Monday, 6 July 2020

Belgium takes down statue, king regrets colonial violence

A vandalized statue of King Leopold II of Belgium is removed on the cusp of the 60th anniversary of Congolese Independence, Ghent, June 30, 2020. (AFP)

BRUSSELS: Belgium confronted its colonial past and looked toward reconciliation Tuesday, with the king expressing regret for the violence carried out by the country when it ruled over what is now Congo. Later in the day, the bust of a former monarch held responsible for the death of millions of Africans was taken off public display.

As Belgium marked the 60th anniversary of the end of its colonial rule in Congo, King Philippe’s words had resounding significance since none of his predecessors went so far as to convey remorse.

In a letter to the Congolese president, Felix Tshisekedi, Philippe stopped short of issuing a formal apology, but proclaimed his “deepest regrets” for the “acts of violence and cruelty” and the “suffering and humiliation” inflicted on Belgian Congo.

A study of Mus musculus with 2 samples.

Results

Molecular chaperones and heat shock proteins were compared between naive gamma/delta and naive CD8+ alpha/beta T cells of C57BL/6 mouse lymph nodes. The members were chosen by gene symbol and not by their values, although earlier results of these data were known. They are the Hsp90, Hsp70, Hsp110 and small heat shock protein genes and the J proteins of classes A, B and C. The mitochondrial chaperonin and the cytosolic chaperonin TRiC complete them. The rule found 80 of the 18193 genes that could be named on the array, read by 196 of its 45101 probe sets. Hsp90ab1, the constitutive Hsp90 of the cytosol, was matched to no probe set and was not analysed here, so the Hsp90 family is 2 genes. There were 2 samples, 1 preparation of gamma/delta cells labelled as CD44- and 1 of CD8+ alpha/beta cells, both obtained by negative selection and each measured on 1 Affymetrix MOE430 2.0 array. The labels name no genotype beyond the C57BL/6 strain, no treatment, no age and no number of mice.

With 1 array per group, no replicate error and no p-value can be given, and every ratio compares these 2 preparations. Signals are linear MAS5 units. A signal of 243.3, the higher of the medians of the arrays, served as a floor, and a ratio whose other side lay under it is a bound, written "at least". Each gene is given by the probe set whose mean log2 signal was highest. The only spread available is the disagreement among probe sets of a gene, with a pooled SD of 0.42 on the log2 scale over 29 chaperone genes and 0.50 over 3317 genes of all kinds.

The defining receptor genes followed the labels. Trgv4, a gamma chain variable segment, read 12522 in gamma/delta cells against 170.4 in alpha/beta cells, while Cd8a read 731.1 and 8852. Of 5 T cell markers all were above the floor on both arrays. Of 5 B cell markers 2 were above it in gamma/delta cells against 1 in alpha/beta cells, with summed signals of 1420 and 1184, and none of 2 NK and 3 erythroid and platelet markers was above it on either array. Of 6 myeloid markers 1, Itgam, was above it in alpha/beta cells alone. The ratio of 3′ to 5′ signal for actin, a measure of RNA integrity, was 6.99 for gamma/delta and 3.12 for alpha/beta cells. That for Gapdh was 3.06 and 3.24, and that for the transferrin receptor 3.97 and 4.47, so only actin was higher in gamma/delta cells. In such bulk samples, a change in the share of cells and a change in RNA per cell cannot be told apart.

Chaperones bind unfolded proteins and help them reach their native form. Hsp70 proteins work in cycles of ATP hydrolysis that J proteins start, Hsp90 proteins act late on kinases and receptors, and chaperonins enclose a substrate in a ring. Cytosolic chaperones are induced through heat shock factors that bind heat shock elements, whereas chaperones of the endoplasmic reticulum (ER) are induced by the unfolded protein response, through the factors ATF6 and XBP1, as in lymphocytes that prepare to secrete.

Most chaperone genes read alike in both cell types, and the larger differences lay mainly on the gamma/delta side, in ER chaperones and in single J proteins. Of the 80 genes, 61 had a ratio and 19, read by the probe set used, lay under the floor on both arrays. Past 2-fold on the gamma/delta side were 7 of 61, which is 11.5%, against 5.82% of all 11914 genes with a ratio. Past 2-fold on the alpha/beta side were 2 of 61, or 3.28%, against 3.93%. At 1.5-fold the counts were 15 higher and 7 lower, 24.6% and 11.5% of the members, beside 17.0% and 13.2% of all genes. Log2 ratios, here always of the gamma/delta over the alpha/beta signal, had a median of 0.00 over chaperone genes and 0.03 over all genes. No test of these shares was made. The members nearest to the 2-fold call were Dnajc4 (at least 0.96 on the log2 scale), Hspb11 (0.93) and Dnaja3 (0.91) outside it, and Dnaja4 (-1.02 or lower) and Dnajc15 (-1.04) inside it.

The removal of King Leopold II’s statue took place only hours after Philippe’s letter was published. The monarch, who ruled Belgium from 1865-1909, plundered Congo as if it were his personal fiefdom, forcing many of its people into slavery to extract resources for his own profit.

The early years after he laid claim to the African country are especially infamous for killings, forced labor and other forms of brutality that some experts estimate left as many as 10 million Congolese dead.

Following a short ceremony punctuated by readings, Leopold’s bust in Ghent was attached to a crane with a strap and taken away from the small park where it stood amid applause. It will be transferred to a warehouse of a Ghent city museum pending further decision from a city’s commission in charge of decolonization projects.

“Removing statues does not erase history, it rectifies history and makes new history that rightly calls into question dominant narratives,” said Mathieu Charles, an activist from the Belgian Network for Black Lives.

Belgium has long struggled to come to terms with its colonial past, instead focusing on the so-called positive aspects of the colonization. But the international protests against racism that followed the May 25 death of George Floyd in the United States have given a new momentum to activists fighting to have monuments to Leopold removed.